Tuesday, December 01, 2009

Analysis on US food stamp use

The shocking headlines of a few weeks ago had many in disbelief and scratching their heads. When the USDA said that a half of US children will receive food stamps during their childhood many couldn't believe it.

As we tried to point out, the news wasn't as bad as the headline suggested. It doesn't mean that half of America's children are receiving food stamps all at the same time, or that they are fed by food stamps for their entire childhood. However, it does point to the difficulty that many American parents have in finding and keeping stable jobs.

From Arkansas' Baxter Bulletin, this Associated Press article has a round up of expert opinions on the USDA news.

Sarah Meadows, a Rand Corp. policy analyst, called the food stamps analysis believable but stressed that it doesn't mean that half of all children are using food stamps at any given time.

"While there may be a group of children who are persistently exposed to poverty, many move in and move out," she said.

Columbia University statistician Andrew Gelman said the paper clarifies a misconception "that people are either on welfare or they're not." Reality is more nuanced; the study underscores that some families only receive government aid temporarily, he said.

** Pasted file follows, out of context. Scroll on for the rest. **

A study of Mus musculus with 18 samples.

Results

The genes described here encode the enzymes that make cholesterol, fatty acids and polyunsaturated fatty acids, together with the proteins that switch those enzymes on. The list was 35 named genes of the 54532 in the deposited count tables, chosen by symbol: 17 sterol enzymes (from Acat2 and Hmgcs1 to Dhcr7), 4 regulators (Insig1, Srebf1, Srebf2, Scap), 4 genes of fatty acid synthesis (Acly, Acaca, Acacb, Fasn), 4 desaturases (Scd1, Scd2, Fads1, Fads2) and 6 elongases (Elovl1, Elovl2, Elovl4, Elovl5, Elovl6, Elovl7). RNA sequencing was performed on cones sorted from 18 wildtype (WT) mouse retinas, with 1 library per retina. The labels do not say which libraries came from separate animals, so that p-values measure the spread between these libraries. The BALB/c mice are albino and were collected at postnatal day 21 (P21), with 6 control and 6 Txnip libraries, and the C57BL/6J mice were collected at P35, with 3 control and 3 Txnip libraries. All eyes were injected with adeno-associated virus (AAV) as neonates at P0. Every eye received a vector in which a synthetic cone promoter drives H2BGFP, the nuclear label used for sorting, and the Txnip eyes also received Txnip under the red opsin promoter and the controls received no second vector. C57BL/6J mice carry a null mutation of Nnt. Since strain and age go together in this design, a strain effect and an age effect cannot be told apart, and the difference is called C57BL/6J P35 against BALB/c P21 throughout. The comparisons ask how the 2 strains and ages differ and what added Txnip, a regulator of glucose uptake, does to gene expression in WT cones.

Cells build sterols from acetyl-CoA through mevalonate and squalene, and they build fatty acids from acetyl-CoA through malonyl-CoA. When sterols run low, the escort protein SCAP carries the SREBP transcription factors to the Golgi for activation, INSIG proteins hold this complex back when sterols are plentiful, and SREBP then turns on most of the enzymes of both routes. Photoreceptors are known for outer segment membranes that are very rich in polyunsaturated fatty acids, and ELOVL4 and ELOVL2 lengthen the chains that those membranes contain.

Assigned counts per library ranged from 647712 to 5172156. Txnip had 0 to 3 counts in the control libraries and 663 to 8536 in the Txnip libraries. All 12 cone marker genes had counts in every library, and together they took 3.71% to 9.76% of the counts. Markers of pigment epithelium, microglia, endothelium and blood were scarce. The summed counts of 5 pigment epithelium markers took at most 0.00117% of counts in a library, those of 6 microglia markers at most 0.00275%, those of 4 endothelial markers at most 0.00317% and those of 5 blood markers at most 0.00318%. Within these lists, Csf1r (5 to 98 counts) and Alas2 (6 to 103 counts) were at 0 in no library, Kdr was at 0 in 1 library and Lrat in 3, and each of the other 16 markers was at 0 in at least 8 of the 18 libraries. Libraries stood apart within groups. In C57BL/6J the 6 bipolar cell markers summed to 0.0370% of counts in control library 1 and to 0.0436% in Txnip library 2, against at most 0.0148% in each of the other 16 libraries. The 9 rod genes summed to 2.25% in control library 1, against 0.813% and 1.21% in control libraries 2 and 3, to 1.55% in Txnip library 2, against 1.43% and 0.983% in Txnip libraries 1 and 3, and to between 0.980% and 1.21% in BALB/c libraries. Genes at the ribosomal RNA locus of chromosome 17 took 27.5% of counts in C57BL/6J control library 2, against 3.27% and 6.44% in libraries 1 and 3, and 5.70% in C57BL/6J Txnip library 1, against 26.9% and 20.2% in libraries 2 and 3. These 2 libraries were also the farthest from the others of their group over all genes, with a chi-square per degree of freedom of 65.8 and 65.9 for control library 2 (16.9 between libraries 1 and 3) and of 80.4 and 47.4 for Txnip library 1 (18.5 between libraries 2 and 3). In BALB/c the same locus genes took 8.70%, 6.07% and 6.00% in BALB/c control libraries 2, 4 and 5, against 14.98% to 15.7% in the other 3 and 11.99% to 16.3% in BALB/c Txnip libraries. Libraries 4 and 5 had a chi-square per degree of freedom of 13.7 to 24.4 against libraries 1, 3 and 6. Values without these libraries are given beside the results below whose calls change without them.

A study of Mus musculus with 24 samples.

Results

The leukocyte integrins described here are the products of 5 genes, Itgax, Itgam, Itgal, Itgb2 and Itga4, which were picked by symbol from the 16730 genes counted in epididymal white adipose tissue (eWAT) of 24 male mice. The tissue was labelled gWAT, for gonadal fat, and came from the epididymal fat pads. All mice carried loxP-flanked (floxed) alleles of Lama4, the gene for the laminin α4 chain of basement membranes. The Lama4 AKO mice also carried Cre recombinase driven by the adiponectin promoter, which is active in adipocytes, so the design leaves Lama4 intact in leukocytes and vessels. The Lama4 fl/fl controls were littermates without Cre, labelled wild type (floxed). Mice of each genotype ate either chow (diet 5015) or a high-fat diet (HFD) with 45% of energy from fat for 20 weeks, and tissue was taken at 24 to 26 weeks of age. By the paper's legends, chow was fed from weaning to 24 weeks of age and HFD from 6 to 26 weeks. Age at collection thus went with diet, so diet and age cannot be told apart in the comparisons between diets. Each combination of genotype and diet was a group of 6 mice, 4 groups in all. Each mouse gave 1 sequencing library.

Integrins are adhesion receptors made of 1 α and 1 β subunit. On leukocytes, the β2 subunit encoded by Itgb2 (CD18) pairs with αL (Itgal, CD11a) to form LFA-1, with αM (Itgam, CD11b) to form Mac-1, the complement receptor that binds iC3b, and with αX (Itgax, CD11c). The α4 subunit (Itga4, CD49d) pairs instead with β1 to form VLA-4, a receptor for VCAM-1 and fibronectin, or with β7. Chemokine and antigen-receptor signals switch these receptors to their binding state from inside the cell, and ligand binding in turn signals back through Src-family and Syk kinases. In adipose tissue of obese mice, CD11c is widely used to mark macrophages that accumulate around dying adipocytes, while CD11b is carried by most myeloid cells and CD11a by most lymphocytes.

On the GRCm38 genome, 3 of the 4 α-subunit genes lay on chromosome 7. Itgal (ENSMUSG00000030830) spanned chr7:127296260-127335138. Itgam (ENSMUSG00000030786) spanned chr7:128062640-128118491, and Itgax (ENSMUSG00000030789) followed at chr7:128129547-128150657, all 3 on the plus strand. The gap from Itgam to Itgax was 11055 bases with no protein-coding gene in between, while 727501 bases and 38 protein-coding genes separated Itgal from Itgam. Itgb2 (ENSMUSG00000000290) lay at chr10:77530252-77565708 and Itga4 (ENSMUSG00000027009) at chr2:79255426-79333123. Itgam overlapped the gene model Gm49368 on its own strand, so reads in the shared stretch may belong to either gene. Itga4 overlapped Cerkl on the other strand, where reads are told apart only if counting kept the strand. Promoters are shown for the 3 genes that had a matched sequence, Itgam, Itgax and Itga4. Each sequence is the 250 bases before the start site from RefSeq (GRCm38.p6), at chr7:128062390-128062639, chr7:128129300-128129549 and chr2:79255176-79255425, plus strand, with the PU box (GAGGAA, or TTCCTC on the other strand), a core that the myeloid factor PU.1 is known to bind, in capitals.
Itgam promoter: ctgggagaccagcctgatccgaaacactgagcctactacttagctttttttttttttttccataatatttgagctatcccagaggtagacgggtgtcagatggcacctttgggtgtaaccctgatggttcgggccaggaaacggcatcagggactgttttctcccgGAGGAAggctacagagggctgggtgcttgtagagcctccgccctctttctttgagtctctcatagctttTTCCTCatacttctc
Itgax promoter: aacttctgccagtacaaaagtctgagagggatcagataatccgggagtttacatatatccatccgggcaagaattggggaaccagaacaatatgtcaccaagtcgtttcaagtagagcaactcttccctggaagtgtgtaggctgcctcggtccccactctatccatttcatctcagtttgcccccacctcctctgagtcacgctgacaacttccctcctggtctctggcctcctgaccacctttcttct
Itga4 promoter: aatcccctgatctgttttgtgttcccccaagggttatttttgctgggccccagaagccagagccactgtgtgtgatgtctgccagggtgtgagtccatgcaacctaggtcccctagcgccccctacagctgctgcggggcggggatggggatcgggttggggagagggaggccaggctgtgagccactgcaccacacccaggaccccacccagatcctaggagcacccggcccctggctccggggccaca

Robert Rector, a senior research fellow at the conservative Heritage Foundation, said the analysis' findings are valid — but the "hyperbole" suggesting many families are in danger of dire outcomes is not.

The report aims "to create a picture of alarm that is just not justified by the facts," Rector said. Eligibility is based on income — for a family of four to be eligible, their annual take-home pay can't exceed about $22,000. And Rector argued that many families with comforts like televisions and air conditioning receive food stamps for short periods of time when a parent is laid off.

Olivia Golden, a family welfare specialist formerly with the U.S. Department of Health and Human Services and now at the Urban Institute, has a different view.

She said the results bolster evidence that many U.S. children lack economic stability, even if they aren't destitute.

"There are several levels of economic disadvantage and we should worry about all of them," Golden said.